YOUNG FRANKENSTEIN: THE MUSICAL

Brianna Brooks, IV Leader Columnist

Brought to the Illinois Valley Community College stage comes a monstrous musical of hilarity and terror! Once the cult-classic from 1974, the film is now resurrected to the stage by the creator himself! Featuring original music and lyrics by Mel Brooks, IVCC presents Young Frankenstein.

The musical follows the story of Doctor Frederick Von Frankenstein (that’s Franken-STEEN), descendent of the notorious Frankenstein family. Reluctantly, Frederick is brought back to his family home after an unfortunate turn of events and is thrust head-first into the family business. With throw-backs to the movie and the classic that started it all, Young Frankenstein provides a show that is both entertaining and bawdy, guaranteed to have old and new fans howling with laughter.

Everybody knew from the beginning that Young Frankenstein would be a challenging show to pull off, but the IVCC Theatre group rose to the challenge and attacked with vigor. With an enormous cast of twenty-six community and student members, the theatre got their chance to show off exemplary skill in handling a series of set and costume changes. The effect was a seamless shift from scene to scene, effortless and professional. In addition to the two week running time of the show, the cast and crew truly devoted themselves to the art and made the musical great.

Director and Choreographer Don Grant Zellmer expressed putting his all into the musical. While holding off Young Frankenstein for the spring, he explains that it gave the theatre more time to do justice to the story and create an experience for their audience, recreating it every night.

Up until closing night, Zellmer and the cast gather to go over notes of the last night’s show and discussed how to make it better. When questioned about the new two week running time of the musical, a new development for the theatre, Zellmer said, “The two week running time gives us a chance to get more people and develop the story, to get better with time.” Zellmer is the kind of director to work with his crew, bonding with the cast in order to ensure the best show possible.

Since Zellmer announced Young Frankenstein, the theatre’s social media has been blowing up in anticipation for April as well as the cast of characters. “Everyone was perfectly casted for this,” Zellmer asserted, and no one would disagree. The actors devoted their all not just to lines or songs, but to learn their character and to interpret them for the stage.

Greg Tullis takes the stage as Frederick Von Frankenstein which has become an iconic theatrical role in the theatre world for middle-aged actors. Tullis expresses that he is drawn to roles that are “thrilling and larger than life.”

He already proved himself apt to handle the eccentric Sylvia St. Croix during the fall show, Ruthless. Now he continues his work by tackling Frederick’s shifting moods and character development from distinguished doctor to mad scientist.

Adam Oldacker makes his reemergence to the stage by bringing life the lovable Igor (That’s EYE-gore). Igor emerges with an agenda of keeping the family business alive and dreams of completing a classic duo. While goofy and childish, Oldacker brings the character of Igor to life as an active participant in the events of the story.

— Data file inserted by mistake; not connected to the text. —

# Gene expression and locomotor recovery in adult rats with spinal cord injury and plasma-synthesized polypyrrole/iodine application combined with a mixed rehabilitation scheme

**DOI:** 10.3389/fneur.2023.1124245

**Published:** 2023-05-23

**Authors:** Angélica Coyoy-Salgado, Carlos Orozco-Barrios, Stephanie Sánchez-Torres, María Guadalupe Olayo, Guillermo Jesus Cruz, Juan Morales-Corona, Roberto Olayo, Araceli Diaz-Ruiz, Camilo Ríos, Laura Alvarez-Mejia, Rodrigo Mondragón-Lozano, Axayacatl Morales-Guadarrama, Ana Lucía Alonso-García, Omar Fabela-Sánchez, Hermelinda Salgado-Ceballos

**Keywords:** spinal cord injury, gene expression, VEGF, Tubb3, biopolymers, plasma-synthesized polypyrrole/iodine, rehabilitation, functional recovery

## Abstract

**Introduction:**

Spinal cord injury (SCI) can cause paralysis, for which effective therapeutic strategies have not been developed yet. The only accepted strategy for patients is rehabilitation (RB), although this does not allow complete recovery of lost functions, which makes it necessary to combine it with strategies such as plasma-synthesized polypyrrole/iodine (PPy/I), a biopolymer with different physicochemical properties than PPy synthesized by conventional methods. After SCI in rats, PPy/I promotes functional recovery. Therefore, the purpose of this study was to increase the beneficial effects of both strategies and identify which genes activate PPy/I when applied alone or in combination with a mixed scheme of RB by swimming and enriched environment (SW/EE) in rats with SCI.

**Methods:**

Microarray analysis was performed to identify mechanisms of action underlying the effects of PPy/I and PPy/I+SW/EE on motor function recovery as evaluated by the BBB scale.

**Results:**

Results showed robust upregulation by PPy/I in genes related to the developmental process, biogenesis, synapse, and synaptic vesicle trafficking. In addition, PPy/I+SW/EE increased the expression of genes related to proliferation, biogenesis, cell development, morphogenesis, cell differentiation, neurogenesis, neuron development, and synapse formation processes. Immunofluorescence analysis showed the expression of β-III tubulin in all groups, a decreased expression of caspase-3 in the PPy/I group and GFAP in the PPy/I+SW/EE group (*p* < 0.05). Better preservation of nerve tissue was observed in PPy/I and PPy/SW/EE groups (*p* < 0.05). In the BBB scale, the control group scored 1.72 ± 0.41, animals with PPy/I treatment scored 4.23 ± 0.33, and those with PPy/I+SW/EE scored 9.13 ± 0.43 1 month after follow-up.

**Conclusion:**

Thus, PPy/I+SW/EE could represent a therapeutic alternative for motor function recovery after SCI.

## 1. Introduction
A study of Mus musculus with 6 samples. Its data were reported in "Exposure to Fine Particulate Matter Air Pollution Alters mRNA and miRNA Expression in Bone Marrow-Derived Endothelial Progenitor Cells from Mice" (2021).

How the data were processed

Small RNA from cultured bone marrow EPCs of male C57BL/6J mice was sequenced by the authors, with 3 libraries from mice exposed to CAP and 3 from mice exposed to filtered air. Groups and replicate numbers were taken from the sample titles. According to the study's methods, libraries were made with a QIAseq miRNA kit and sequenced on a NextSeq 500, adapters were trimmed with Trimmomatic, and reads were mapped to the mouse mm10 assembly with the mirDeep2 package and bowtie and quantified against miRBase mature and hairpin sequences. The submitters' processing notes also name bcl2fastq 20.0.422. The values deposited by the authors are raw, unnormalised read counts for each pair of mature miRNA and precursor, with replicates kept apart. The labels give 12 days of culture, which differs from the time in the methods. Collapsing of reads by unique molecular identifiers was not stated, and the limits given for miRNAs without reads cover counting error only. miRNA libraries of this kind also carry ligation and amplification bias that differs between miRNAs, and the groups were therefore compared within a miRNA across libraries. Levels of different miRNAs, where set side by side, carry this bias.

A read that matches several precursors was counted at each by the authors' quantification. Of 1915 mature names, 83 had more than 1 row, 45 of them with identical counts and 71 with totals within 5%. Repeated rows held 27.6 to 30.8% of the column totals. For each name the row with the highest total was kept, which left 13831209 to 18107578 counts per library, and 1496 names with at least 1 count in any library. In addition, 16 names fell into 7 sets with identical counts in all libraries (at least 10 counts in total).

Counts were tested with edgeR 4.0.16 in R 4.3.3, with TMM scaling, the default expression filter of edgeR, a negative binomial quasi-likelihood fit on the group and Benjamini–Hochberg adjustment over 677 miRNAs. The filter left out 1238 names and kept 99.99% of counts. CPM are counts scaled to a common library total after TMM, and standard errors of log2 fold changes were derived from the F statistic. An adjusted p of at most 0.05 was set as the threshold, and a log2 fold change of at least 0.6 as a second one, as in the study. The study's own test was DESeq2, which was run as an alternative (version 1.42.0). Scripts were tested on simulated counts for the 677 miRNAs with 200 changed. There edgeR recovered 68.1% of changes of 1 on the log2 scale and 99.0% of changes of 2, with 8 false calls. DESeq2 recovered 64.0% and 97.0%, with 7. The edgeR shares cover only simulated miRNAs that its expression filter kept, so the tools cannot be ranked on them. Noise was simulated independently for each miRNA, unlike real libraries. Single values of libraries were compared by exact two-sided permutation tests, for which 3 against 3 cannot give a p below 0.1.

Hillari Behrens returns to show off her skills with the clever and devoted Inga, Doctor Frankenstein’s laboratory assistant. Behrens’ expresses that as her first sexual role, and she has gotten nothing but positive feedback. She even learned to yodel for the role, which she enjoys adding to her list of talents for future roles and shows. Inga’s character plays into the heart and emotion of the story. Self-assured and daring, Behrens brings her all to the role.

Ashley Hurst makes her IVCC debut as Elizabeth Benning, madcap fiancée and socialite of New York. Hurst brings her all to the roll of the pampered and proper, she states her joy in playing “badass bitch” characters . The theatricality of Elizabeth Benning makes her a provocative and interesting character.

Karen Lesman kills in the role of Frau Blucher, the housekeeper and driving force of the plot. Lesman is a returning favorite to the IVCC stage and a professional in playing characters who steal the scene. As Frau Blucher, Lesman is able to deadpan lines while shocking the cast with her bawdy character.

Doug Bartelt brings the Creature to life, Frankenstein’s Monster, with a character that is, although volatile, naïve to the world around him. Despite having few speaking lines, the actions and expressions of the character speak volumes for him. When Bartelt was on stage, he expressed what the Creature thinks and feels without words.

The sets of the show were intimidating to say the least. They consisted of two rotating walls as well as a bookcase, a doorway, and platforms, not to mention the moveable gears and lights worked into them, all of which are attributed to Matt Boehm and the crew who worked to create Transylvania.

Boehm stated that he is particularly proud of how this set turned out and happy with how it accents the story. Each part of the set was attended to by stage managers Katie Alleman and Perla Escatel, who choreographed each scene change with professional and loving detail.

The set all together is breath taking from the simplistic beauty of the clock tower to the haughty atmosphere of the dungeon, helping to submerge the audience into the world of Young Frankenstein.

Always interesting and never a dull moment, IVCC Theatre brought their all to the tribute of Mel Brooks’ cult-classic and did it justice.